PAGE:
SAP Announces Its Intention To Compete Aggressively In The Carbon Accounting Software Market


During its Sapphire conference, €31-billion-revenue software provider SAP disclosed a wide range of information about its Sustainability Footprint Management architecture, and specifically about its carbon accounting product. With its huge customer base, SAP is familiar with firms' current carbon accounting challenges: over-reliance on spreadsheets, working off estimates rather than measurements, inaccessible supply chain data and problems converting CO2 data into meaningful financial metrics. How is SAP proposing to crack the code of carbon accounting complexity?

Firstly, the carbon accounting application resides within the SAP Sustainability Footprint Management platform which integrates with SAP's S/4HANA business software portfolio. The native integration with other SAP applications is intended to facilitate deployment and simplify data flows. Secondly, following the vendor-agnostic methodology of the Partnership for Carbon Transparency (PACT), SAP has developed a data exchange application that can securely manage the flow of CO₂ data along the value chain. Thirdly, SAP has created a 'green ledger' concept that aligns with reporting policies such as green asset ratios, the EU Taxonomy and the London Stock Exchange Green Economy Mark. The idea is to facilitate the infusion of CO₂ data into financial metrics and business performance analysis.

SAP's unifying theme is the idea of helping customers embed sustainability data into core business processes. The firm is also pushing the need to migrate from estimated data to actual data. This can be achieved because SAP's other applications have transactional information relating to data such as invoices and material movements. The current version of SAP's Sustainability Footprint Management software enables customers to gather and compute 'cradle-to-gate' emissions data. This covers upstream supply chain data such as raw materials, transport to factories and capital goods. A future release will extend the software's functionality to calculate CO₂ emissions associated with product use and end of life. SAP is also touting a wide range of analytical capabilities that reflect the integration of CO₂ data into core digital business processes.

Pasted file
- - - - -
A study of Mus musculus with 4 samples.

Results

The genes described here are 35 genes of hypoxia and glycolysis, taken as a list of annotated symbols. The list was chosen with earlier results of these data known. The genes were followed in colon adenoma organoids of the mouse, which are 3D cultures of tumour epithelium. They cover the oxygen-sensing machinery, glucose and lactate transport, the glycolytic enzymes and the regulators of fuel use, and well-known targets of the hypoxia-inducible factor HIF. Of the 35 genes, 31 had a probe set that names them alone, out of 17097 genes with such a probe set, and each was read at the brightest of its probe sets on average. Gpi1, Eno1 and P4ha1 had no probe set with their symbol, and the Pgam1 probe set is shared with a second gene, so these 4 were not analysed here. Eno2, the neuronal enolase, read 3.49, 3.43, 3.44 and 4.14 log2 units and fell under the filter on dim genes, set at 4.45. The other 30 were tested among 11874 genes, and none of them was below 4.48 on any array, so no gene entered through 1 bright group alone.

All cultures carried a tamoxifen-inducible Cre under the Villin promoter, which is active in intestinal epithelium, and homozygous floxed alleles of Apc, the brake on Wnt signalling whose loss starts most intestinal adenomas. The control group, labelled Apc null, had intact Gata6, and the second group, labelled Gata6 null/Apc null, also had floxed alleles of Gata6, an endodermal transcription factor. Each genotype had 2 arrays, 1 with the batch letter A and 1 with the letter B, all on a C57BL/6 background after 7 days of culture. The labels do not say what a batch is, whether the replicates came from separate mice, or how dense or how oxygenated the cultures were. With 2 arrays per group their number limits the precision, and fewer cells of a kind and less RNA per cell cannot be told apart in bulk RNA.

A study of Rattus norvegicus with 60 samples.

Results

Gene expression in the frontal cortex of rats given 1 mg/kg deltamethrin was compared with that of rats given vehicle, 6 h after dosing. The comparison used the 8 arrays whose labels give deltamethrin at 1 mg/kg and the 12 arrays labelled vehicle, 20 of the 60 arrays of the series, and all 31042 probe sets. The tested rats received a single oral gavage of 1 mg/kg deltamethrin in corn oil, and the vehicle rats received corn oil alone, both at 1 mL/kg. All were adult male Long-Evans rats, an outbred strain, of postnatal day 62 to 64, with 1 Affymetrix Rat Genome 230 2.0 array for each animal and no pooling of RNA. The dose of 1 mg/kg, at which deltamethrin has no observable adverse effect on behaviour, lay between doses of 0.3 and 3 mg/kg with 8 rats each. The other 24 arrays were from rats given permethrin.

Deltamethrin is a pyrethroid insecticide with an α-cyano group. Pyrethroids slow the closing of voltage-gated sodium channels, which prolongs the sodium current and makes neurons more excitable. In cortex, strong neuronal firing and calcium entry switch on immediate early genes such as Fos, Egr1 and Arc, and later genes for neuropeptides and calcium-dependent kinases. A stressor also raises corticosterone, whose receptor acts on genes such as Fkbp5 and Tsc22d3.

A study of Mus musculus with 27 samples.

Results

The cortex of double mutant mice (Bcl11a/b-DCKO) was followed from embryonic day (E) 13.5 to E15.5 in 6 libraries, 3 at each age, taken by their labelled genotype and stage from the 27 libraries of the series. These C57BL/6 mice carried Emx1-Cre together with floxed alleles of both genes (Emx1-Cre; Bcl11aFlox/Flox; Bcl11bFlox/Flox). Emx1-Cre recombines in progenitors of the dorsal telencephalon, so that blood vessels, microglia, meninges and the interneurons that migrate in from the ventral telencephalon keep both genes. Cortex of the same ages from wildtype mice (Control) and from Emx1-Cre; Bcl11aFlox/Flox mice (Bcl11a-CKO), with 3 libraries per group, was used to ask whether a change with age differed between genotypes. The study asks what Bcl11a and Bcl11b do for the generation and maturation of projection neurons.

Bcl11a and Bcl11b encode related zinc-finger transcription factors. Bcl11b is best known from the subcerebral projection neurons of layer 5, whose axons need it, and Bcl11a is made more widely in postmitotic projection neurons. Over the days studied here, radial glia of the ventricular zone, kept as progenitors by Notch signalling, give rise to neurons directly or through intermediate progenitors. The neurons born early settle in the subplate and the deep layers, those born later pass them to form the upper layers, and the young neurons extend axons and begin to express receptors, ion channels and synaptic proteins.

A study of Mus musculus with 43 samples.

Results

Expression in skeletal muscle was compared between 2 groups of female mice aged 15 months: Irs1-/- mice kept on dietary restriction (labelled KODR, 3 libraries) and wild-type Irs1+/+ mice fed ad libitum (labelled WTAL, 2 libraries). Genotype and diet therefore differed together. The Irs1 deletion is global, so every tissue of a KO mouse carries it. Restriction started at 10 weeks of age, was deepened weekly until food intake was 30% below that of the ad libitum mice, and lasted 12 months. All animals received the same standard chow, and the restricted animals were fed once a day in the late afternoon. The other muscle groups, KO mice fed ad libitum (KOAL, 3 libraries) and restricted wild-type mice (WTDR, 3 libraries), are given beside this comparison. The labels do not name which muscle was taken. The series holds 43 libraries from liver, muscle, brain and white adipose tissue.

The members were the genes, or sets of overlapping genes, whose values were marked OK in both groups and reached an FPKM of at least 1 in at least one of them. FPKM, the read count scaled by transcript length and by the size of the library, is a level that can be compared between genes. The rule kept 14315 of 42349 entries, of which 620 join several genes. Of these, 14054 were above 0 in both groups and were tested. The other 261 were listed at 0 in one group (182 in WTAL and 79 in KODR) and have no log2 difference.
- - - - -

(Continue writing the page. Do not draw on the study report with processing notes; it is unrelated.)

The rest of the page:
What does this mean for the market? SAP's product team have clearly devoted a lot of careful consideration to the overall information architecture. They have folded in customer requirements relating to improving data accuracy, facilitating compliance audits, collecting accurate supply chain data, generating product carbon footprint analysis based on actual data and embedding CO₂ insights in other applications. Put together, this is what SAP means by “transactional carbon accounting”. For existing SAP S/4HANA customers, this product will be the obvious first system to test before going to market with an RFP. The majority of firms will need support from SAP services partners, such as EY and PwC, which employ consultants who understand climate and sustainability regulations and business issues.

This move by SAP ramps up the pressure in an intensely competitive market. Carbon management start-ups and midsize software firms will need to understand how to position their value proposition to the many thousands of organizations that already run as 'SAP shops'.

David Metcalfe


David is the CEO of Verdantix and co-founded the firm in 2008. Based on his 20 years of experience in technology strategy and research roles he provides guidance on digital strategies to C-level executives at technology providers, partners at private equity firms and function heads at large corporations. His current focus is on helping clients understand their market opportunity tied to ESG investment trends and their impact on corporate sustainability strategies. During his 12 years running Verdantix – including 4 leading the New York office – he has helped dozens of clients grow their businesses through fund raising, acquisitions and international growth. David was previously SVP Research at Forrester and Head of Analysis & Forecasting at BT. He holds a PhD from Cambridge University and also worked as a Research Associate at the Harvard Business School.